Retail Investors' Emotional Decisions During COVID-19 Pandemic May Cost Them in the Long Run

Given the increased level of market volatility during the pandemic, the cost of this will be more – in some cases it will be much higher.


Oxford Risk says many investors have increased their allocation to cash during these volatile times for markets, and the cost of this ‘reluctance’ to invest is around 4% to 5% a year over the long-term. In addition, it estimates that the cost of the ‘Behavior Gap’ – losses due to timing decisions caused by investing more money when times are good for stock markets and less when they are not – i.e. buy high and sell low – is on average around 1.5% to 2% a year over time.   

Oxford Risk builds software to help wealth managers and other financial services companies assist their clients in making the best financial decisions in the face of complexity, uncertainty, and behavioral biases. However, it says that many wealth managers and financial advisers are poorly equipped to help clients deal with the emotional and psychological roller-coaster ride their clients have endured during the COVID-19 crisis, and the impact it has had on markets and their investments.  

Greg B Davies, PhD, Head of Behavioral Finance Oxford Risk said: “The suitability processes of many wealth management businesses are typically too human heavy, inefficient, and front loaded to the beginning of the client relationship to keep up with rapidly changing client circumstances at scale during a crisis. Understanding of client financial personality is typically limited to risk profiling - often badly – and subjective human assessment. Very few wealth management propositions are using the sort of objective, science-based measures that are needed to provide a comprehensive picture of their clients. There is too much guesswork and not enough technology.” 

“This means that assessment of client emotional proclivities is noisy, biased and prone to error … it is too subjective. This is not to advocate removing humans from the process – far from it – humans conversations are vital, particularly in a crisis, but advisers need to be assisted by better diagnostic tools enabling accurate assessment of the client’s personality and likely behavioral tendencies.” 

Oxford Risk has launched a free Market Emergency Survival Kit which allows retail investors to measure six key dimensions of financial personality, which the company has identified through extensive research into investor psychology and financial wellbeing. The service also provides personalised recommendations on how best to invest, which are based on the findings.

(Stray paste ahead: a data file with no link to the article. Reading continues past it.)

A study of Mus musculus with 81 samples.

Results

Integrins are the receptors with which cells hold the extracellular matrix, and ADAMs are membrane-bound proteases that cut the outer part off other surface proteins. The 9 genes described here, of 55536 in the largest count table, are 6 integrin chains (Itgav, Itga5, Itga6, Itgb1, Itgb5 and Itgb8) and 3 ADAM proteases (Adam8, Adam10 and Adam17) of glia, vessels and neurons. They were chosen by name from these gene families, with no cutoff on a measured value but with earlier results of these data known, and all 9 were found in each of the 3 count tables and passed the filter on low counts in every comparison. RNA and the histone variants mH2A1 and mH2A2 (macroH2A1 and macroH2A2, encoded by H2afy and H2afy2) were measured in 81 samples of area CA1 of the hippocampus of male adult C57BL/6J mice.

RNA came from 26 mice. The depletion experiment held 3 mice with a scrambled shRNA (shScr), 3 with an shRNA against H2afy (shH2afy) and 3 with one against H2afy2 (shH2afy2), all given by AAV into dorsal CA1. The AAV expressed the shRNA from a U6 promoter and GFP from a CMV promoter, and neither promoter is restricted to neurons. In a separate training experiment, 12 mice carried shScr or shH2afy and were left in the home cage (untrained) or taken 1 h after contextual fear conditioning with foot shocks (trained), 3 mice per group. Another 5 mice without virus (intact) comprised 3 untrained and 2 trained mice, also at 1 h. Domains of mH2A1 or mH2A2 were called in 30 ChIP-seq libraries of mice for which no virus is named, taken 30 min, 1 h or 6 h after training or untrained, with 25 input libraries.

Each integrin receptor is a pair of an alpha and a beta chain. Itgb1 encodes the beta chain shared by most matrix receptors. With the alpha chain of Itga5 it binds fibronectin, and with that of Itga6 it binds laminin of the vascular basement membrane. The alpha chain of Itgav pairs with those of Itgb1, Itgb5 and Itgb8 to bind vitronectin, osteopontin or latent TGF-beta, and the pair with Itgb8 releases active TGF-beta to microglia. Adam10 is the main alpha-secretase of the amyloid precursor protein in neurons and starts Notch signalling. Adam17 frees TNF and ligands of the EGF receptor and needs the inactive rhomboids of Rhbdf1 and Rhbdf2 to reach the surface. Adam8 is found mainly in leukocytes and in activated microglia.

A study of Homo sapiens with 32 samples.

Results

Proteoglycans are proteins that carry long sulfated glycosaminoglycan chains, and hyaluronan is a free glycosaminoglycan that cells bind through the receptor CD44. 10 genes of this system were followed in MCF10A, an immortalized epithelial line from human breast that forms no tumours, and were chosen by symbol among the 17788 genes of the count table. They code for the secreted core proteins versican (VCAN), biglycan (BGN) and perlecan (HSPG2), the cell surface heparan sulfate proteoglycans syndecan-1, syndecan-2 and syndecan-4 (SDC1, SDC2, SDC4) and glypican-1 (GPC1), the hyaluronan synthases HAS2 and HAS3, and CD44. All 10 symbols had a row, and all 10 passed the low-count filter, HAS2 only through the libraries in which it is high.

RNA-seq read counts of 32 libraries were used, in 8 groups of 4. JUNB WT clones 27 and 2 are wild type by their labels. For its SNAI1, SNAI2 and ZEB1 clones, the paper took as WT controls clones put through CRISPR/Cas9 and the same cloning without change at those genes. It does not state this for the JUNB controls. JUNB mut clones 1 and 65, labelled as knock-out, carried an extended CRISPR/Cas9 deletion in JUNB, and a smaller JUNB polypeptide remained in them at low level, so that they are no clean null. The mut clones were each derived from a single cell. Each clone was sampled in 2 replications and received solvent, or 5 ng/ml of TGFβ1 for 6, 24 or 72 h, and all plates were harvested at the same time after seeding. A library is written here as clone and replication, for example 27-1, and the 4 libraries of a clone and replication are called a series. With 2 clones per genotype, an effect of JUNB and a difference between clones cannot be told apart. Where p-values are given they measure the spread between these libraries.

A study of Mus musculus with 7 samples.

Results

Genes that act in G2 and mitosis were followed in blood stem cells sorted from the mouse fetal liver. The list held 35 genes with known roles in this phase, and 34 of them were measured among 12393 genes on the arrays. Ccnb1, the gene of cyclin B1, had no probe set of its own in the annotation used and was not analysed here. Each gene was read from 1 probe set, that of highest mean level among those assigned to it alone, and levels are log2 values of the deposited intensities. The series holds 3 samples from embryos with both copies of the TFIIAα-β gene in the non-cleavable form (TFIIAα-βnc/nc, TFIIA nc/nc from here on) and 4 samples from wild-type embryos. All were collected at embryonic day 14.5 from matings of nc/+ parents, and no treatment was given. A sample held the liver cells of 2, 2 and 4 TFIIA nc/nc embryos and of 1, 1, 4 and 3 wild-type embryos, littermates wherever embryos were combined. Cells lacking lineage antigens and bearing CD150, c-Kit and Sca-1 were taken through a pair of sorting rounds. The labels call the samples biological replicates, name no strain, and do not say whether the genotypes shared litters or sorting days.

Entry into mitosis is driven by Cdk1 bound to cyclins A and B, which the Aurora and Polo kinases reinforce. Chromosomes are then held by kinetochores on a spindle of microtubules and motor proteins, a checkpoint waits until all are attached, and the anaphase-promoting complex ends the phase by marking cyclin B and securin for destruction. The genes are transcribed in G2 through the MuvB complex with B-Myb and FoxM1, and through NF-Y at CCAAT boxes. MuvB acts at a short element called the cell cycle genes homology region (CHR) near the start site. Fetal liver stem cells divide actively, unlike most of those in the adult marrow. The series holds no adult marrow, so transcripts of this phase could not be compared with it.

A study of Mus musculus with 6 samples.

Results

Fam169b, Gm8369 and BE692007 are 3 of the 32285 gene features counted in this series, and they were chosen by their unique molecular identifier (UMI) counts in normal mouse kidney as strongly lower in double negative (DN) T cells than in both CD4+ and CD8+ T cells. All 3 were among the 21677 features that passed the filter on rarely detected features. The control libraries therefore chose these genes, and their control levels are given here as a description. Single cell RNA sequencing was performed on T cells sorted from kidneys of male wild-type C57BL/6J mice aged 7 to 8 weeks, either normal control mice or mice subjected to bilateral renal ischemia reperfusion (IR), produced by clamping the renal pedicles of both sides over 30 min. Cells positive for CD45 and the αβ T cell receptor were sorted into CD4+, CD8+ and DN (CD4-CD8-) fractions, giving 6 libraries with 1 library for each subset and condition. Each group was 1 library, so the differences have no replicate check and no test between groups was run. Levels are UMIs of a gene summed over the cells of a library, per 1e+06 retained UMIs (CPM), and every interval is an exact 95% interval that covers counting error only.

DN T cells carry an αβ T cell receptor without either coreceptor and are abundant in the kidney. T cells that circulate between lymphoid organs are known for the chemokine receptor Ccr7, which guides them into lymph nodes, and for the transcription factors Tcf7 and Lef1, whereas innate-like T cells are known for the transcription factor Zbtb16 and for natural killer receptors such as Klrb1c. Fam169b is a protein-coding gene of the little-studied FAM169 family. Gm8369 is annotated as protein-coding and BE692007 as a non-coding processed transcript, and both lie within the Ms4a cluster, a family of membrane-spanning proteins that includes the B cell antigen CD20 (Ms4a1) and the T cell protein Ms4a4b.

The company says there are behaviours that are common to many investors at such volatile and uncertain times. During a crisis, investors are likely to focus too much on the present and on the detail, feeling compelled to do something even when sitting tight is the best solution. They can gravitate towards the familiar – often leading to underinvestment, selling low, or decreased diversification. 

Marcus Quierin, PhD, CEO, Oxford Risk said: “Many of these actions will mean that investors turn paper losses into real ones. If they don’t need to withdraw money for immediate expenses, then the losses are only virtual… until they panic and make them real.” 

“The investments in the news are not your investments.  Retail investors should avoid watching the markets day-to-day as this will only increase anxiety to no useful end, and make you feel like you should be doing something, without any useful guidance to what that should be. Long-term plans should be looked at through long-term lenses. 

“Finally, investors should focus on what they can control. It’s the most ancient advice there is, and still the most important. You can’t move the market or predict when it’s at the ‘bottom’ or the ‘top’. You can postpone discretionary spending and use tumultuous times as an opportunity to take stock of your long-term financial plans. And you can control the opportunity to benefit from the ‘risk premium’ – the long-term reward for owning shares that has eventually weathered every short-term storm yet.”